The Internet has been buzzing like a dubstep rave inside of a wasp’s nest with reports of Kendrick Lamar dropping a new album soon. Within the ocean of exhilarated chatter on Rap Twitter, one rumor sticks out like a sore thumb: The album is allegedly rock-influenced.
Is it true? Doesn’t matter. Spike your hair, put on a vintage leather jacket, and make your way into the mosh pit. We’re about to take a curious gander at the mythical Kendrick Lamar rock album, in all of its horrifying glory.
In terms of subgenres, there are distinctive directions Kendrick could go in, but the emo middle schooler in me likes to imagine that TDE’s golden goose takes a (baffling) left turn and crafts a 2000s style pop-punk album. No bars, no flows, just nasally vocals. It’ll probably have some melodramatic name like The Blood Of The Innocent. Yuck.
Heads will spin around Exorcist style when Kendrick releases the first single, an intense breakup song called “Never Again (Oh, How My Heart Aches.)” In the howling hook, he caterwauls, “No one understands me / Do I even belong in this world?” Across the entire album, the lyrics sound like something a suburban white kid would write in his diary after getting grounded for cursing at his dad. Rap fans around the world are scratching their heads.
Is Kendrick trolling us? Is this a joke? Unfortunately, it is not a joke.
A week later, Kendrick will drop The Blood Of The Innocent in full. The cover artwork is an image of Kendrick as a demon with wings. His eyes are red, and he’s holding a still-beating, bloody heart in his hand. Kendrick is surrounded by skulls and bones, dramatically floating a few feet above the ground, amid a dark backdrop of a city in ruins. It doesn’t look like the cover of a Kendrick album; it looks like a cheap poster for an anime film about teenage vampires.
Anyone who remembers Fall Out Boy or Panic! At The Disco knows pop-punk songs usually have obnoxiously long titles. As an homage to the days of MySpace and black fingerless gloves, Kendrick will resurrect this pattern of unnecessarily wordy track names. Track one is called “I Will Never Forgive You, Nor Will I Ever Forgive Myself, This Entire Universe Is An Inside Joke And We Are The Punchline.” Kendrick will later admit to regretting these long song titles, saying they were impossible to introduce at concerts because even he forgot them.
Track seven, the second single, is titled “My Soul For The Taking (The Tears Keep Coming, The Tears Keep Coming, The Tears Keep Coming, The Tears Keep Coming, The Tears Keep Coming, The Tears Keep Coming, The Tears Keep Coming, The Tears Keep Coming).” My god, man. Luckily, Kendrick will execute a series of Life Of Pablo-esque edits and the song titles will be shaved in half. First, he’ll rename the record as “track 7.” Then he’ll change it to “Backseat Freestyle II” as an attempt to get more streams. Neither will work.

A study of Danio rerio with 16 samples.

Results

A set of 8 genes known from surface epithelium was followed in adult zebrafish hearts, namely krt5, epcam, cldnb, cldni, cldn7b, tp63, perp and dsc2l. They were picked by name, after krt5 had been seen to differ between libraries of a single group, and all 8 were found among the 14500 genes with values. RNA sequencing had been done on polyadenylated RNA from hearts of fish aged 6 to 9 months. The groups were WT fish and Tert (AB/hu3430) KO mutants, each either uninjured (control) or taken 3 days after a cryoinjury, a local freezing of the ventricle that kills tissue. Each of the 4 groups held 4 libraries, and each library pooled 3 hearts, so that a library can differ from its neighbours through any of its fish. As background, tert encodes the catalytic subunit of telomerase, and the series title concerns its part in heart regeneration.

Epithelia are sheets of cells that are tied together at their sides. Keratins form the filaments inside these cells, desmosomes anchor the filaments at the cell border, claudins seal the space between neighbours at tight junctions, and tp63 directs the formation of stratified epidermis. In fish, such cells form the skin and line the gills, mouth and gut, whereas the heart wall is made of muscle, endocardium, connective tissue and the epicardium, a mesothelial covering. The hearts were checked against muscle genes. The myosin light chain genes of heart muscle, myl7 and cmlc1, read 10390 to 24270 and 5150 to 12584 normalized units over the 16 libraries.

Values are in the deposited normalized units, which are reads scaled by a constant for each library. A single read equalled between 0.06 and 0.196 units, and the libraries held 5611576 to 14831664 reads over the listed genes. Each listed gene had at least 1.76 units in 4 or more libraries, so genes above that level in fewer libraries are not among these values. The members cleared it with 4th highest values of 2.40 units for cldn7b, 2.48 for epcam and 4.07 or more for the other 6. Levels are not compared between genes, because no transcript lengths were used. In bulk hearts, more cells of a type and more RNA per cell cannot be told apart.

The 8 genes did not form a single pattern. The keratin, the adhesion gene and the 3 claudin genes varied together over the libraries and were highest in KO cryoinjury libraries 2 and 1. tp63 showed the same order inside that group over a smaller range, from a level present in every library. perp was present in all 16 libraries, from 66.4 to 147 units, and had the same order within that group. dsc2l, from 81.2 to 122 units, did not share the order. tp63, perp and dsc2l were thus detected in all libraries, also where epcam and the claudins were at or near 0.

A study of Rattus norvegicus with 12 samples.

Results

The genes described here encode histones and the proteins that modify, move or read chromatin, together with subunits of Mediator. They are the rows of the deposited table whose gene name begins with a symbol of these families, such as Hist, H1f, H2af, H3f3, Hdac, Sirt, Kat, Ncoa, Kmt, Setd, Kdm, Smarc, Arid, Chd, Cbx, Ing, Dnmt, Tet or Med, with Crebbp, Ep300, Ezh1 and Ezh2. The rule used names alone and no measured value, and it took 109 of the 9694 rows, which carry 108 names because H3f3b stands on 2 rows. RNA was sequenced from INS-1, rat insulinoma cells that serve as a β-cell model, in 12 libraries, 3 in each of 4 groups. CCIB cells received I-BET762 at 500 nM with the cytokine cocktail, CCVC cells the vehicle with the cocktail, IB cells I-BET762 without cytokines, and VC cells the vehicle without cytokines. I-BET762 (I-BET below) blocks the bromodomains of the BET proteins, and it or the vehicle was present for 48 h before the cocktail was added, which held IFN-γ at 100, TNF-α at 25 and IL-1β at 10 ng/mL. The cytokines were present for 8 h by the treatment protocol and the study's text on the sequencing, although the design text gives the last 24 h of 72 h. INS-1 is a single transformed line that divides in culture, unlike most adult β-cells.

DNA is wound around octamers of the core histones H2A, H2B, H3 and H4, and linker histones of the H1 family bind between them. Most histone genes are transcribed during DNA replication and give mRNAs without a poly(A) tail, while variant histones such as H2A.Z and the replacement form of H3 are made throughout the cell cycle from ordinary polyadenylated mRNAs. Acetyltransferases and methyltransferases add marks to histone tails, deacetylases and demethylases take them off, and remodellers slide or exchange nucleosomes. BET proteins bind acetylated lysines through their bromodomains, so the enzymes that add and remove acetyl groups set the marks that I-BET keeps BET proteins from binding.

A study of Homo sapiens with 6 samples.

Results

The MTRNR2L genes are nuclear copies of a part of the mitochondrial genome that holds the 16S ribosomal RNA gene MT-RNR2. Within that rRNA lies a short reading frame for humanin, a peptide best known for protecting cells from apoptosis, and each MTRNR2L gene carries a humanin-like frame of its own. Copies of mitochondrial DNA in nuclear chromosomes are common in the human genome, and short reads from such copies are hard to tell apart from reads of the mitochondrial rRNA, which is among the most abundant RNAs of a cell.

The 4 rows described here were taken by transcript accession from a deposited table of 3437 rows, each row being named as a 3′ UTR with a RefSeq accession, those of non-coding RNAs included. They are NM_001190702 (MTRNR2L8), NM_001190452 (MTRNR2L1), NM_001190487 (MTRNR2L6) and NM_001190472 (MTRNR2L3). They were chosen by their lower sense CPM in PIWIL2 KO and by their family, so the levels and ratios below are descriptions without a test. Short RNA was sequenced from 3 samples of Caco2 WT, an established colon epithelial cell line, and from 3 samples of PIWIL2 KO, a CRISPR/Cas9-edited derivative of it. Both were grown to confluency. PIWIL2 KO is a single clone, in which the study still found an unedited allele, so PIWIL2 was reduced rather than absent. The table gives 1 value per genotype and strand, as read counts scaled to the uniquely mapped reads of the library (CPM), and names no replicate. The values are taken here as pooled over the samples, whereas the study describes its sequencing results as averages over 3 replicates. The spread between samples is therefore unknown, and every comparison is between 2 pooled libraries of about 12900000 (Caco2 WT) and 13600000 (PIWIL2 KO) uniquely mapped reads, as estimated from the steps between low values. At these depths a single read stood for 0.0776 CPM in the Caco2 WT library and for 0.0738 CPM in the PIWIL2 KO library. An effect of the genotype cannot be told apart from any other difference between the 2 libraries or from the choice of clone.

The lyrical content on the album is mostly composed of breakup songs, but Kendrick is currently happily engaged, so I have no idea who the fuck these songs are even about. There are a few non-breakup songs, too. Most notably, the album’s third single, “You’ll Never Be My Real Dad (Fuck You, Stepdad.)” Please note: Kendrick Lamar does not have a stepdad.
I know what you’re wondering, “So… Is the album good?” It hurts even to say this, but, no. It’s not good. It’s downright painful. Kendrick’s ballsy risk is admirable, but it did NOT pay off. The album is universally loathed, even by his most hardcore fanbase. How did the brilliant, Pulitzer Prize-winning wordsmith who gave us good kid, m.A.A.d city and To Pimp A Butterfly think it was a good idea to release this rock album?
Following the release, the once Teflon rapper becomes a pop culture punching bag. Rolling Stone gives the album a negative 8 out of 5. Anthony Fantano’s review is just him crying hysterically in the fetal position next to an empty bottle of Jack Daniels. And Joe Budden has a rage-induced heart attack during a live recording of his podcast while ranting about the album. DJBooth gives the album a positive review and then gets flooded with a barrage of hate mail and furious tweets—but hey, what else is new?
Looking at the big picture, Kendrick’s legendary legacy is now up in the air, as fans wonder if his image will ever recover from such a historic flop. Ticket sales dwindle, and now his only fans are angsty goth kids and teenaged girls who just got dumped. It’s depressing. Kendrick disappears from everyone’s top 10 list and is reduced to a punchline. Then, his fellow rappers start to prey on his vulnerability in the spirit of competition.
Pusha-T kicks off a barrage of responses with the offhanded bar, “I done moved more coke than a cartel / your Jimi Hendrick attempt was a hard L.” Then Drake hits Kendrick with, “You threw it all away just to make your little rock song / You said ‘We gon’ be alright,’ but ever since then you’ve been all wrong.” Eminem even gets in on the pile-on, barring up Kendrick on his 2021 album. “I’LL BEAT KENDRICK LAMAR WITH HIS FENDER GUITAR,” he raps
Thankfully, not everyone will turn on Kendrick. Both Kid Cudi, five years removed from his infamous grunge project Speedin Bullet 2 Heaven, and Lil Wayne, a decade after his heavily hated rock album Rebirth, reach out to Kendrick in an act of fraternal solidarity. They’ll show up to his crib in Los Angeles with a 12-pack of beer. “Welcome to the fuckin club,” they’ll say when Kendrick answers the bell.
What comes next? A trio Blink-182 would be jealous of.